I've heard a columella strut is used for tip support and to prevent nasal collapse, can it make the nose look unnatural?
Doctor Answers 7
You are right - A columellar strut is one method to control the nasal tip projection and position. However, there are other methods to support the tip as well and shape the nostrils. A columellar strut is not always needed and although it is a very good method to control the nasal projection, it has downsides and is not always needed.
It is difficult to describe what is needed without an actual exam or photos. We would be happy to see you and discuss your concerns as well as different strategies to achieve the results you're looking for.
Christopher C. Chang, MD
Washington DC, Maryland, and Virginia
Supporting the nasal tip
A columella strut graft is just one maneuver that can help with nasal tip support. The size and shape of the grafts can vary and what size graft, if any, will depend on the needs of your particular nose. The columella strut grafts are not routinely used to provide contour to the nasal tip and thick nasal tip skin may require other forms of cartilage grafting in order to create the nose that you desire. A thorough consultation with an experienced nasal surgeon would be extremely helpful and very informative for you. Best of luck!
A columella strut is not used routinely in our practice. We have removed more of them than we have placed due to complications we have seen with them. They do not prevent nasal collapse. A full set of photographs are required to make a determination in addition to an in-person examination to discuss a difficult surgical procedure. Rhinoplasty is one of the most difficult procedurse to perform correctly in the entire field of cosmetic surgery, so it is very important to choose surgeon based on extensive experience.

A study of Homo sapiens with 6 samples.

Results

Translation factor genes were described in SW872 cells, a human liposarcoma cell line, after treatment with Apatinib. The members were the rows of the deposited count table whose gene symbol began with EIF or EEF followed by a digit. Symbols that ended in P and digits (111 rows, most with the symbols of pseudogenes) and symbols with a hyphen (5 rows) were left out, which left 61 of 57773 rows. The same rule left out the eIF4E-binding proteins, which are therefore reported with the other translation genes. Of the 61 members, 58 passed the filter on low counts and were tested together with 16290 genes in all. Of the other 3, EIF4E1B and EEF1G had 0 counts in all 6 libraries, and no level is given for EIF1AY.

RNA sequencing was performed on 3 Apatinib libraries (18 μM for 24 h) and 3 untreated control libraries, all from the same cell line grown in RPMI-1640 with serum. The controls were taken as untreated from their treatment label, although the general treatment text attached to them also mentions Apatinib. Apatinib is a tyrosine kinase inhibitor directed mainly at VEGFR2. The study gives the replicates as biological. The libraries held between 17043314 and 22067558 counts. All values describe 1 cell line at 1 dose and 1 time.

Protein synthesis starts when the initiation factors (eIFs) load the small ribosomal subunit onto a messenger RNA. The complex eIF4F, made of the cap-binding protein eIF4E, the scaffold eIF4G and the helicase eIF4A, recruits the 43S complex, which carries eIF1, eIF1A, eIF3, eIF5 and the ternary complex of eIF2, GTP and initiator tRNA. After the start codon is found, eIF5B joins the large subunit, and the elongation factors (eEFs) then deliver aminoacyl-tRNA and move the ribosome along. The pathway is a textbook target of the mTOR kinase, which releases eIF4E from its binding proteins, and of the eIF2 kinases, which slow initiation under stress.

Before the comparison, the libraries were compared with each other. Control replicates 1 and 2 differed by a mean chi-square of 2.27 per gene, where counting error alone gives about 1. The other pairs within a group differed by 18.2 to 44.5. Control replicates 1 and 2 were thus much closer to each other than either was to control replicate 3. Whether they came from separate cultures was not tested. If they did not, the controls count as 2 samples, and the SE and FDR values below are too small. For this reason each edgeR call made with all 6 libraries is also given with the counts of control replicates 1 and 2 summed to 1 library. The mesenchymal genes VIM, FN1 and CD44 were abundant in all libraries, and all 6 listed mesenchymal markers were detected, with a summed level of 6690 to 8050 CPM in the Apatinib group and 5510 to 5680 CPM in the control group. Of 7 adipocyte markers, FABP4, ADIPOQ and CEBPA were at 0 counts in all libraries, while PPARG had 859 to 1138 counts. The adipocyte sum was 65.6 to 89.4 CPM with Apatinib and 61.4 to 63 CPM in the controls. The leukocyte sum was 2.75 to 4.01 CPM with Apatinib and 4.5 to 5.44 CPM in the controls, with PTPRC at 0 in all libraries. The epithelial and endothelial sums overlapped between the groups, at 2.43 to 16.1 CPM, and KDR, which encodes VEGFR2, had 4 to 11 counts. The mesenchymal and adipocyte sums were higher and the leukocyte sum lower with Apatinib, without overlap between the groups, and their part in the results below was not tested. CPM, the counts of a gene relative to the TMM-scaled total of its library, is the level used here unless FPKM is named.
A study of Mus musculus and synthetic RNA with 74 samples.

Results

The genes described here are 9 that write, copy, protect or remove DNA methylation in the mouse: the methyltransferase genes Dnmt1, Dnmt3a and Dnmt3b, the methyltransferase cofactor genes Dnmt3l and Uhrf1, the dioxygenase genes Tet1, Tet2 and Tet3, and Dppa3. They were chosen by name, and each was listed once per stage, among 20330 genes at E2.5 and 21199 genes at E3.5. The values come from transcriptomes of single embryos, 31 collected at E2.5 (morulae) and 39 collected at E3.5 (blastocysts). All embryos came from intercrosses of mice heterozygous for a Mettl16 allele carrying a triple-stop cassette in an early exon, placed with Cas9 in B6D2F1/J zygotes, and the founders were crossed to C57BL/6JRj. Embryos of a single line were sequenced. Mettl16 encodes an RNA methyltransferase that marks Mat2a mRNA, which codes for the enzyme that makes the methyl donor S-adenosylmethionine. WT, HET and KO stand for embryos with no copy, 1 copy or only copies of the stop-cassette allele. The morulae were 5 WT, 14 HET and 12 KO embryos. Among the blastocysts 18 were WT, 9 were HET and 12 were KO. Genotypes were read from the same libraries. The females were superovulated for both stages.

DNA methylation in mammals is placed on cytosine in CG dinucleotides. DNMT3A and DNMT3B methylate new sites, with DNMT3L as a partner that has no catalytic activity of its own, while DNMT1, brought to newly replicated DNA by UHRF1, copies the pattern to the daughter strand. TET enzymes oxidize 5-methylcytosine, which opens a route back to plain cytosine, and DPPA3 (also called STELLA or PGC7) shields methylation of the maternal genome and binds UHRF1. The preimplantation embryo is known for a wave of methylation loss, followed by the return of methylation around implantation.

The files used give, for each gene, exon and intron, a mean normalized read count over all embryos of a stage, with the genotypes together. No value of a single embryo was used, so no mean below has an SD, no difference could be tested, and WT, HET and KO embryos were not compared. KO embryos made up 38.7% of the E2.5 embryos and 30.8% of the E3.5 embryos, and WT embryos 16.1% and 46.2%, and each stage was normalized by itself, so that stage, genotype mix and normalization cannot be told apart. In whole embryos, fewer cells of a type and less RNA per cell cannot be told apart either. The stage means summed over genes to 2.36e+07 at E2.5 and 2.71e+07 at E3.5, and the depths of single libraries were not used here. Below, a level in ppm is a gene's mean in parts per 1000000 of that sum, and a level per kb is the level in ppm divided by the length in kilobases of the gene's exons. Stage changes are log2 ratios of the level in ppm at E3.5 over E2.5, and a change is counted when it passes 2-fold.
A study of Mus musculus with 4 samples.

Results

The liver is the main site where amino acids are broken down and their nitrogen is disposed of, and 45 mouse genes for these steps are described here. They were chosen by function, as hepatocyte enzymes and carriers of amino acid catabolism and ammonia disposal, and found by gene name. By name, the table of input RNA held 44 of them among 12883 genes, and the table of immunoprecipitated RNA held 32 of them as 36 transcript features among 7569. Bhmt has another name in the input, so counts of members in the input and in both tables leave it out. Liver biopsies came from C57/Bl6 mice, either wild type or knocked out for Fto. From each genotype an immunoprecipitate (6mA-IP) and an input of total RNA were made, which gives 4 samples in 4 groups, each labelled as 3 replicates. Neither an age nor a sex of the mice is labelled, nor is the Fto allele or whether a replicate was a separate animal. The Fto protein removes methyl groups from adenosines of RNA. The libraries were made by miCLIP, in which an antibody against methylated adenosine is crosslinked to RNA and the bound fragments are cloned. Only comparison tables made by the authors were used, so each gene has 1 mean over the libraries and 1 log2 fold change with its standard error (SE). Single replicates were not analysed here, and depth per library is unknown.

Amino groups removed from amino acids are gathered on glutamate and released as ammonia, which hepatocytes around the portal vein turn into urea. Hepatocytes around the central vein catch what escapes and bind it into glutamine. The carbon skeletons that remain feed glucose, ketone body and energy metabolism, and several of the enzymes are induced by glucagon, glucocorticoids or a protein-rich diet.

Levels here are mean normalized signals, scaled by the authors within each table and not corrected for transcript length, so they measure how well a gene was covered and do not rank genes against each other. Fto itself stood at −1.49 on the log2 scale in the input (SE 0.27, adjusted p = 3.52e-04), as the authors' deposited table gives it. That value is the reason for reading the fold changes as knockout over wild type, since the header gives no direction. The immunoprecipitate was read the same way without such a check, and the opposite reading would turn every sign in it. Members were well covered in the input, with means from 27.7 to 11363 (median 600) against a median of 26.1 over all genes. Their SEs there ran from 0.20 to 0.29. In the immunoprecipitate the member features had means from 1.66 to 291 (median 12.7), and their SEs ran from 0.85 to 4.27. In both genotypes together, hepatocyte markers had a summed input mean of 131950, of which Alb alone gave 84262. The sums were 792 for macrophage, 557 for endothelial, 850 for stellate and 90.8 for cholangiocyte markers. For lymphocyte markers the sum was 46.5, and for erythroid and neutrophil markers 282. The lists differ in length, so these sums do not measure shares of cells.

I have been in practice for over 29 years and performed rhinoplasty surgeries on hundreds of patients. I have never used columella strut on any of my patients. I personally prefer the suture technique for nose stability , tip lengthening and tip definition.
Not all results are the same because experience, skills and aesthetic eye are critical for good outcome. So, do your due diligence and choose your surgeon wisely, in order to avoid bad result and need for corrective surgery.
Always, consult with experienced board certified plastic surgeons who perform their surgeries in accredited surgery center for your safety. Most importantly, check the before and after pictures , to make sure that they are numerous, consistent and attractive with natural look.
Best of luck,
Columella Strut in Rhinoplasty
A columella strut, like any surgical technique, can be overdone or used in the wrong place. This is one of many techniques which can be used to provide tip support and projection. What is best for you depends on your specific issues and anatomy. A personal consultation where a surgeon cab not only look at your nose, but feels the cartilage and the support present, is the only way you can find the right answer.
Yes, a columella strut can make the columella region appear wide and can make the nose feel very stiff, or even click with movement.
Hello and thank you for your question. There are many techniques used to enhance tip support and prevent collapse other than just a columellar strut. The best procedure really depends on your individual nasal anatomy. Make sure you specifically look at before and after
pictures of real patients who have had this surgery performed by your surgeon
and not just a computer animation system. The most important
aspect is to find a surgeon you are comfortable with. I recommend that you seek
consultation with a qualified board-certified plastic surgeon who can evaluate
you in person.
Best wishes and good luck.
Richard G. Reish, M.D.
Harvard-trained plastic surgeon
These answers are for educational purposes and should not be relied upon as a substitute for medical advice you may receive from your physician. If you have a medical emergency, please call 911. These answers do not constitute or initiate a patient/doctor relationship.